Florida Democrats want a new election in Senate District 37 after former GOP Sen. Frank Artiles was charged with illegally funding a third-party candidate to help Republicans win the seat in November.
Republican Sen. Ileana Garcia defeated former Sen. José Javier Rodríguez by just 32 votes of the nearly 216,000 votes cast. Non-party affiliated candidate Alex Rodriguez, who shares a last name with the former Democratic Senator, courted close to 6,400 votes.
Investigators say Rodriguez, the third-party candidate, was propped up by money from Artiles. Both individuals are now facing charges, though the attorney for Rodriguez says he’s cooperating with authorities and was taken advantage of by Artiles.
Florida Democratic Party (FDP) Chair Manny A. Diaz is calling for Garcia to resign her seat after the 2021 Legislative Session and face a Special Election to decide the race without any potential foul play.
Democrats have also pointed fingers at Senate leadership, pushing prosecutors to dive into how much the GOP’s fundraising arm was involved with Artiles’ actions. Asked whether he had any clear evidence of such a scheme, Diaz demurred, pointing to the ongoing investigation. But he did argue the Artiles “lone wolf” theory appears unlikely.
“It would just seem to me to be very odd that this would continue to occur statewide for as long as it has without … the tacit approval of the leadership,” Diaz told reporters on a Friday Zoom call regarding the recent arrests.
Friday morning, Senate Democratic Leader Gary Farmer accused Republicans of hypocrisy. He pointed to Republicans’ months-long hand-wringing over false claims of widespread election fraud during the 2020 presidential election.
“Two months ago, we heard repeated charges over and over and over again from then-President [Donald] Trump and Republican leaders from around the country about fraud in the presidential election,” Farmer said.
“They took those false complaints and they ginned up their base to the point where a violent insurrection occurred in our nation’s capital. Now, we have evidence of actual fraud,” he added, pointing to Artiles’ arrest. “What are our Republicans going to do now?”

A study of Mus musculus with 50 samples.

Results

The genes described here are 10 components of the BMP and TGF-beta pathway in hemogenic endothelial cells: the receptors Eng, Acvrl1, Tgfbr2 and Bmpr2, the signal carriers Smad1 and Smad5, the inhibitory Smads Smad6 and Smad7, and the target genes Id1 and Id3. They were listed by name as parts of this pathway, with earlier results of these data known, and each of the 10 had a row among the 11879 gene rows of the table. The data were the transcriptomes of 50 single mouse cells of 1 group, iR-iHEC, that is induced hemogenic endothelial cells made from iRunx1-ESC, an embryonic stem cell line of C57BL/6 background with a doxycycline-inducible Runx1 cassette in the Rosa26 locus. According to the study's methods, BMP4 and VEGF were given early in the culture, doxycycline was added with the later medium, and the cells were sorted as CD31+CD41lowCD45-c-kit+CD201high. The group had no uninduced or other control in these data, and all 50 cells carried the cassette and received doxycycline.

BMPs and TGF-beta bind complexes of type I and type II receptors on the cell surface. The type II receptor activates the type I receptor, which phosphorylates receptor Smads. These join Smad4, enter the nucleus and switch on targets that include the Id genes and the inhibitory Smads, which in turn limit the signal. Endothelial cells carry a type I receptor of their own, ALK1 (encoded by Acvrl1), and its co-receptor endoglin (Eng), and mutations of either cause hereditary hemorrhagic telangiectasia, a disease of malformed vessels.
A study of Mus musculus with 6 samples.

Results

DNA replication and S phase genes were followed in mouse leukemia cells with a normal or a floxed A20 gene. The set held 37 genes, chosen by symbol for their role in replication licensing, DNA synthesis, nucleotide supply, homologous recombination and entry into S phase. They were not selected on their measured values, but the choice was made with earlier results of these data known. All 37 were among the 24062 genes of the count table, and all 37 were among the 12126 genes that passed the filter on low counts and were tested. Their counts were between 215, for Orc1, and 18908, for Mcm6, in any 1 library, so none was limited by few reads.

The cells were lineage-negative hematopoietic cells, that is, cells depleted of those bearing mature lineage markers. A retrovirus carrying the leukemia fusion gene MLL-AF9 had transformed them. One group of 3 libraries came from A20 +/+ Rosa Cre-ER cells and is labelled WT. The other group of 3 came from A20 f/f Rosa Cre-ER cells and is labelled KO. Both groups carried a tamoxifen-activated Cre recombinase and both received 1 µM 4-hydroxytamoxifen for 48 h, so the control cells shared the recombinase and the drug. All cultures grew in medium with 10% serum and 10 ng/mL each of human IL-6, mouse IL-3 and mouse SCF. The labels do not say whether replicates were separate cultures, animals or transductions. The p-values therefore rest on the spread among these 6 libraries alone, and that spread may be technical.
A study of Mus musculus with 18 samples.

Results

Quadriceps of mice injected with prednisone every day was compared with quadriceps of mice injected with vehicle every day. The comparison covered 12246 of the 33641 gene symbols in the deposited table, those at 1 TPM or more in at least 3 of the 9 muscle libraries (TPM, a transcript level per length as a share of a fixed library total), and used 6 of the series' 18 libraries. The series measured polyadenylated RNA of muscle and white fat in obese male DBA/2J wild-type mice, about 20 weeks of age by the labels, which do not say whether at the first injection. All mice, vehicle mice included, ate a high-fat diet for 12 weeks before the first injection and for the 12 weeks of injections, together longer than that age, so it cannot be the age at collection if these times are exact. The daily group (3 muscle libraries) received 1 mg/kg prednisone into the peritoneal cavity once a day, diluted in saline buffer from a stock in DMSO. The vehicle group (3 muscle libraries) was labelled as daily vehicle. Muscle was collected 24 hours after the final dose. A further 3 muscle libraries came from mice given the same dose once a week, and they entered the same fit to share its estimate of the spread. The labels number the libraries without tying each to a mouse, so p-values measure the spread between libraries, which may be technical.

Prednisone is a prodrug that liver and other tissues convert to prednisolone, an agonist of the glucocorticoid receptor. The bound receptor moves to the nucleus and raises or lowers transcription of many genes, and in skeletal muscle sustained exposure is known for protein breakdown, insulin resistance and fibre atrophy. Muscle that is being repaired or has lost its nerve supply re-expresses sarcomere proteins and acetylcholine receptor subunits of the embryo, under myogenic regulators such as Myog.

Former Democratic Rep. Javier Fernández also accused Republicans of backing a third-party candidate in his 2018 Special Election win in House District 114. He seconded Farmer’s push for follow-up by the Republican-controlled Legislature, even asking for broader changes than just reacting to Artiles’ arrest.
“What we need is election reform in terms of financial transparency, and investigations into the abuses like the ones that were laid bare by yesterday’s arrest,” Fernández said.
Sen. Perry Thurston said he’s supporting legislation aimed at vetting potential spoiler candidates, but seemed skeptical Republicans would play ball.
“I have a bill right now that we’re working on that requires that individuals disclose a lot more information about where they’re receiving their funds,” Thurston said.
“I think there are about three or four bills that are out there right now addressing this procedure. Unfortunately, I don’t see any of them getting any traction as of right now. Maybe this occurrence of what we’re dealing with may spark a little more interest in actually bringing some of those bills to the agenda.”
Garcia, for her part, denied any involvement in the scheme being probed by prosecutors.
“I can’t attest, I can’t say, and I can’t answer for someone I don’t know and for something that I haven’t done. I am not the focal point of this,” Garcia said.
“I didn’t know of him until this happened,” Garcia added, referencing a December report from the Miami Herald on Artiles’ possible involvement. “I hope he doesn’t get offended if he ever sees this because I just really didn’t.”
Miami-Dade State Attorney Katherine Fernandez Rundle said Rodriguez, the third-party candidate, was facing financial trouble when he was approached by Artiles to run.
“Artiles allegedly discussed a, ‘You help me, and I can help you’ scenario,” Rundle said in a Thursday new conference.
FDP Chair Diaz said Democrats may push for an expanded investigation by the U.S. Department of Justice to determine whether any laws have been broken in other races featuring third-party candidates.
“We’re exploring every option,” Diaz said.